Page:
NAFDAC Clamps Down On Small-sized Alcoholic Drinks

The National Agency for Food and Drug Administration and Control (NAFDAC) has banned the importation, manufacturing, distribution, sale, and use of alcoholic beverages in sachets, PET, and glass bottles of 200ml and below.

The Director-General of NAFDAC, Prof Mojisola Adeyeye disclosed this on Monday, February 5, 2023, at a press conference in Abuja.

Prof Adeyeye informed that, as of January 31, there was no alcoholic beverage in these categories that were registered by NAFDAC.

The DG mentioned that NAFDAC was taking enforcement measures to ensure the implementation of this new policy, noting that the deadline given to manufacturers for selling off all alcoholic drinks in this category expired on January 31, 2024.

“To this end on the first day, after the elapse of the window period, the agency commenced nationwide enforcement actions on 1 February, to enforce the implementation of the new policy,” she said.

She noted that during enforcement actions, it was discovered that some manufacturers of these banned products were still in production, and still had stacks of both finished products and packaging materials of the products in their possession.

She said the agency views this matter seriously and will engage all statutory means, which may include prosecution, to deal with the matter.

“I want to use this medium to ask all holders of alcohol in sachets, PET and glass bottles, empty sachets, PET bottles, empty glass bottles, and other packaging materials of these banned products to immediately report to the Investigation and Enforcement Directorate of NAFDAC for hand-over of same to NAFDAC for destruction, to prevent sterner measures including prosecution,” she said.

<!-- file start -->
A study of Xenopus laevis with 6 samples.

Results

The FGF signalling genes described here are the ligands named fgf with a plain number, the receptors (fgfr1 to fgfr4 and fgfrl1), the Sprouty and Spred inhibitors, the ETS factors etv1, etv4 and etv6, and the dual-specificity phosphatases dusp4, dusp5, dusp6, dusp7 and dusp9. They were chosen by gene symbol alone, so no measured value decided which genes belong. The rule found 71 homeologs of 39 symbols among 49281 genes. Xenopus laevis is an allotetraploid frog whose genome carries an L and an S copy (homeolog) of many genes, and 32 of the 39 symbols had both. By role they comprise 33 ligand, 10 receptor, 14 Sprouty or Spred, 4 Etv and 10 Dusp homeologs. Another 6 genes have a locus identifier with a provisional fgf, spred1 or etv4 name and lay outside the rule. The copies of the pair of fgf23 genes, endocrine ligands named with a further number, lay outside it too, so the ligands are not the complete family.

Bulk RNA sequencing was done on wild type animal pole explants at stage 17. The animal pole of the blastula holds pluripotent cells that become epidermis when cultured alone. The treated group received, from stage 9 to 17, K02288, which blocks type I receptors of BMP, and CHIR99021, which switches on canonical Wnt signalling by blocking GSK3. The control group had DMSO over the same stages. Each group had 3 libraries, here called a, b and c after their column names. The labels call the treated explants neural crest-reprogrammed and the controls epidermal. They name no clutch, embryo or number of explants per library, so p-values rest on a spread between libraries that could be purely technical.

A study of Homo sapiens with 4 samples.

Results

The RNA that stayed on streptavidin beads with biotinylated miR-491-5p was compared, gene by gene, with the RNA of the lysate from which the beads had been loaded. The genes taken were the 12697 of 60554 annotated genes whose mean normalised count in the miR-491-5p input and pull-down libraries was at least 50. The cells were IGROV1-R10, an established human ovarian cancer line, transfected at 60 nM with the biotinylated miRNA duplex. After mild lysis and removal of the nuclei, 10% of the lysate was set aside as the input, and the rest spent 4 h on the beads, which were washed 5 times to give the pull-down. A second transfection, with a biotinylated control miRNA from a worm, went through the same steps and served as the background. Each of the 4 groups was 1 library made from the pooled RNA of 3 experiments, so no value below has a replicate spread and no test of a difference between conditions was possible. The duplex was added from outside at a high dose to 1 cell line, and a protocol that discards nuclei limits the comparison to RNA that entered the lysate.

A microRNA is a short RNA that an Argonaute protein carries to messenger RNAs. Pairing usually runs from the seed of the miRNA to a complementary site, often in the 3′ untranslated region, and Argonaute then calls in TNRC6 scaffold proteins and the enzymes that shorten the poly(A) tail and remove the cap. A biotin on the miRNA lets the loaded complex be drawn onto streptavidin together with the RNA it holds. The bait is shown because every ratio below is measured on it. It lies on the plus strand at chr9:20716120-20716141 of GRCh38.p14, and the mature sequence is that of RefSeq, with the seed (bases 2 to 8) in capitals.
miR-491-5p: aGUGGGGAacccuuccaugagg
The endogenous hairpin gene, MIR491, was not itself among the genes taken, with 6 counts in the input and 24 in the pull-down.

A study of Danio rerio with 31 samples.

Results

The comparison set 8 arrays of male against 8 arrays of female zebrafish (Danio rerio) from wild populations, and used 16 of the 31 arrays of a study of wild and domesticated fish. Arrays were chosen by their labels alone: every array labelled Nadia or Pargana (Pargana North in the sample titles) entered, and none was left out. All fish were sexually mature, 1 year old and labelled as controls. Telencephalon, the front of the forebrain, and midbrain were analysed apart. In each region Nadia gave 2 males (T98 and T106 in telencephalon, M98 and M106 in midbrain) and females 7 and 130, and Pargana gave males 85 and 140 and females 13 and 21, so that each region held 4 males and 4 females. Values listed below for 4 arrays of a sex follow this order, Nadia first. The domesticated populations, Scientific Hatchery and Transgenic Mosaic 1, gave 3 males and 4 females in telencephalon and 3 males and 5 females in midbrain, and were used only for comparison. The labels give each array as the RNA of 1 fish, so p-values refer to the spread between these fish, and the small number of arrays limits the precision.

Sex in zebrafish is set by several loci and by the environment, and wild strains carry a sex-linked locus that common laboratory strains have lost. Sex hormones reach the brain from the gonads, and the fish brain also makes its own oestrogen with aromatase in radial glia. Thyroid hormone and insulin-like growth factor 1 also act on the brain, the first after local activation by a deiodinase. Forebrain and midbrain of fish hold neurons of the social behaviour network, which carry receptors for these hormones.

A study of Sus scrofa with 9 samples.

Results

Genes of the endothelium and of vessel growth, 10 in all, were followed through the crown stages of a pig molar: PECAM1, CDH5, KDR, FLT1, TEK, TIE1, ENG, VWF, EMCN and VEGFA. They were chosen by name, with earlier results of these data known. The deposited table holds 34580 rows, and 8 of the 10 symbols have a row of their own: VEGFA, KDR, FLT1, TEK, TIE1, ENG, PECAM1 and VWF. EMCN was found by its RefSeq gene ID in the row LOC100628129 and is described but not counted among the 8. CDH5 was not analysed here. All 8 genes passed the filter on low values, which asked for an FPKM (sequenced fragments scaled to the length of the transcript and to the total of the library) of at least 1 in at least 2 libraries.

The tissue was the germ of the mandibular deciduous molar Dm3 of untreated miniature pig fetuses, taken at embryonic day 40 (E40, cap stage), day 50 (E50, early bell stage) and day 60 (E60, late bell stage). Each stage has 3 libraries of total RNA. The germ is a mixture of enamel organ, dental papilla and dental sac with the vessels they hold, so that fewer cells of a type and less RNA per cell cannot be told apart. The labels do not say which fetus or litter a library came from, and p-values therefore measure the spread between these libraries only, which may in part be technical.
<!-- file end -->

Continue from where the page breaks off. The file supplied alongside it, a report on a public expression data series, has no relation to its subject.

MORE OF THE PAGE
Prof Adeyeye warned that the people mostly at risk of the negative effects of consumption of the banned pack sizes of alcoholic beverages were the under-aged, commercial vehicle drivers and riders.

She said the World Health Organization (WHO) had established that children who drink alcohol were more likely to use drugs, get bad grades, suffer injury or death, engage in risky sexual activity, make bad decisions, and have health problems.

Similarly, she said the global health body also stated that harmful consumption of alcohol is linked to more than 200 health conditions including infectious diseases – Tuberculosis and HIV/AIDS; and non-communicable conditions- liver cirrhosis and different types of cancer.

“To curb the menace of abuse of alcohol, WHO recommended some actions and strategies to policymakers that have shown to be effective and cost-effective, which includes regulating the marketing of alcoholic beverages, and regulating and restricting the availability of alcohol,” she said.